The UK Financial Conduct Authority (FCA) has been publishing a series of papers setting out its approach in particular areas, building on the FCA’s Mission. Towards the end of last month it published a paper setting out its approach to enforcement and asking for views.

The single consultation question is whether the paper has set out the FCA’s approach to enforcement clearly or, if not, what more the FCA could do to explain or clarify its approach. The consultation closes on 21 June. 

The FCA’s paper does not signal a dramatic change in approach. It is instead a helpful reaffirmation of what the FCA has been saying publicly about its approach to enforcement more recently, and what we have been seeing in practice. Three points are worth drawing out in particular:

1. Investigations as a diagnostic tool, not solely a route to a public outcome 

As I noted in a post earlier this year, the FCA has said that it is using enforcement to find out what happened, not just as a precursor to a contemplated enforcement action. This is in part a response to the criticism in Andrew Green QC’s 2015 report on the HBOS investigations regarding the FCA’s previous tendency to consider at the referral stage the prospects of success of securing a public outcome. It is also the approach favoured by Mark Steward since he became Director of Enforcement in October 2015. 

The paper continues this theme: “Opening an investigation does not mean we believe misconduct has occurred or that anyone involved in the investigation is guilty of misconduct”. Linked to the next point below, it also notes that “Where it is clear there is no substance to suspicions or evidence of serious misconduct it is important that we end investigations promptly. In these cases, we may use other powers to address our concerns.” 

2. The FCA will not investigate every breach, however small 

The FCA will start an enforcement investigation where “serious misconduct” is suspected. This includes mis-selling to consumers, serious systems and controls failings, and financial crime. The FCA acknowledges that “not all breaches of [its] rules or requirements constitute serious misconduct. Many breaches can be addressed and remedied elsewhere (and we expect them to be) without the need for enforcement action, especially where the breach is technical or minor.”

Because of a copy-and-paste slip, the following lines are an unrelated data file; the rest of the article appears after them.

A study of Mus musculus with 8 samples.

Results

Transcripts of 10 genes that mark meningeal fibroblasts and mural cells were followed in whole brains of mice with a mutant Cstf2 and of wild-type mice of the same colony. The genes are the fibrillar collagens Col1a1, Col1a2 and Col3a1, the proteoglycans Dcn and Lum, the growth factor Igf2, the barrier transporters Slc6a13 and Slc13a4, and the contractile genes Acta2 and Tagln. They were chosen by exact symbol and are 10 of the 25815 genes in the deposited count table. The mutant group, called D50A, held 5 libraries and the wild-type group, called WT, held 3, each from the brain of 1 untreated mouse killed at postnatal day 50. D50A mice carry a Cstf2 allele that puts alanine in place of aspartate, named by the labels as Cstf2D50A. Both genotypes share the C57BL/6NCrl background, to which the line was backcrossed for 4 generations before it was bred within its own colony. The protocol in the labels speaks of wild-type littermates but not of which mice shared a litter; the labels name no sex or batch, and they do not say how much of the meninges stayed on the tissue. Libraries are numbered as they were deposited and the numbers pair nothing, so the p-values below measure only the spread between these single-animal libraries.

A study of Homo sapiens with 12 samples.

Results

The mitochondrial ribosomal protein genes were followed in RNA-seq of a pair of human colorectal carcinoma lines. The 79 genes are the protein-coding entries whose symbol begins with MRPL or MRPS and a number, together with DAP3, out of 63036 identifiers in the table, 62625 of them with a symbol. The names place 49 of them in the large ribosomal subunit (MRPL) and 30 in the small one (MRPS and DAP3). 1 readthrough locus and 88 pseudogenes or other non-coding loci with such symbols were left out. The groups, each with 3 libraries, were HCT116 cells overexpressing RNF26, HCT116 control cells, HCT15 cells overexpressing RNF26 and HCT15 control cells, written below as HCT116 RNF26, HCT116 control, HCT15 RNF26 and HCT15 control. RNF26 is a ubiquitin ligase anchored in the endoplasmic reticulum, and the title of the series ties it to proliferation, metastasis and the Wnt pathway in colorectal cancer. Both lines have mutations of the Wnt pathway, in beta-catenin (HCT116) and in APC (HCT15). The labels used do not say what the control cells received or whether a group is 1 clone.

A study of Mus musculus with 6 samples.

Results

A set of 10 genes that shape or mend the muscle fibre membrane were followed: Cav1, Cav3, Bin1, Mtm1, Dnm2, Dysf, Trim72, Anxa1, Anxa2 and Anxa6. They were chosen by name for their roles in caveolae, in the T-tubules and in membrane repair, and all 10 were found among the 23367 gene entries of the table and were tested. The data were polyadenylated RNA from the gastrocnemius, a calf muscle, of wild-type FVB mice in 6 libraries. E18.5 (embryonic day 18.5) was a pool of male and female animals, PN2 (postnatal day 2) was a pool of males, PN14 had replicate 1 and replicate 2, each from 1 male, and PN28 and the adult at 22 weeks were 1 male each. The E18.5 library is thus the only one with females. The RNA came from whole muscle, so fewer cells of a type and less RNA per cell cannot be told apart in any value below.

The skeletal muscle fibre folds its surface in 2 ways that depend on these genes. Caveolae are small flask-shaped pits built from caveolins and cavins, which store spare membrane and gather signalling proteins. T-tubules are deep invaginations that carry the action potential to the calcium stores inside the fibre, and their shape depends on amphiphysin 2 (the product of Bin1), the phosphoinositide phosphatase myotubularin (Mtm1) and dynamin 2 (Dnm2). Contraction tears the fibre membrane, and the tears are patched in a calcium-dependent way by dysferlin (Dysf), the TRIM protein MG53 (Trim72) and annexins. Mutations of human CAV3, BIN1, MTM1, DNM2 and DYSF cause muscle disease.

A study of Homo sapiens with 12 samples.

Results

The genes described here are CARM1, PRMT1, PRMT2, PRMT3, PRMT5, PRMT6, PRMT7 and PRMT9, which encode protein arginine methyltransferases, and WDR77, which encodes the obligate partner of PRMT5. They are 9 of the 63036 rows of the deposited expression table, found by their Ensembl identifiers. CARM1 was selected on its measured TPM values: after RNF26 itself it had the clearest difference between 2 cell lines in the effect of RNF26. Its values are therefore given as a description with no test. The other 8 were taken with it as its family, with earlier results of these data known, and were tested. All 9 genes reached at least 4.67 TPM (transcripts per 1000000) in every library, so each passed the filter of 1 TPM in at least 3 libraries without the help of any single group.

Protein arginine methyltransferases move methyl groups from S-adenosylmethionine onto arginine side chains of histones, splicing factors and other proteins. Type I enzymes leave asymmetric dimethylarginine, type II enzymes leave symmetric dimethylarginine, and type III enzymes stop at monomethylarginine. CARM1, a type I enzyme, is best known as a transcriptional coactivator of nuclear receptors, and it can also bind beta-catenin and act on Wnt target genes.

3. Potential credit for proactively redressing harm 

Linked to the second point, a pervading theme in the document is the emphasis on the importance the FCA places on firms taking action themselves to redress harm caused: “Firms and individuals should not wait for an investigation to end before acting in a way they think is right…we will acknowledge and give substantial credit to wrongdoers who speedily address wrongdoing when we decide on appropriate enforcement action…If firms and individuals fully account for any harm caused, including putting it right where there are reasonable grounds to do so, we will consider this when applying sanctions. In extraordinary cases, it may determine whether a sanction is required at all.” 

We have been seeing this in practice – for example, in some cases in the retail space last year where firms agreed redress schemes with the FCA and were not enforced against. As recently as this month, the FCA announced that a firm had agreed to contact affected customers in relation to insurance renewals. This is not to say however that the FCA will not order restitution as part of an enforcement decision, as they did against Vanquis Bank in February.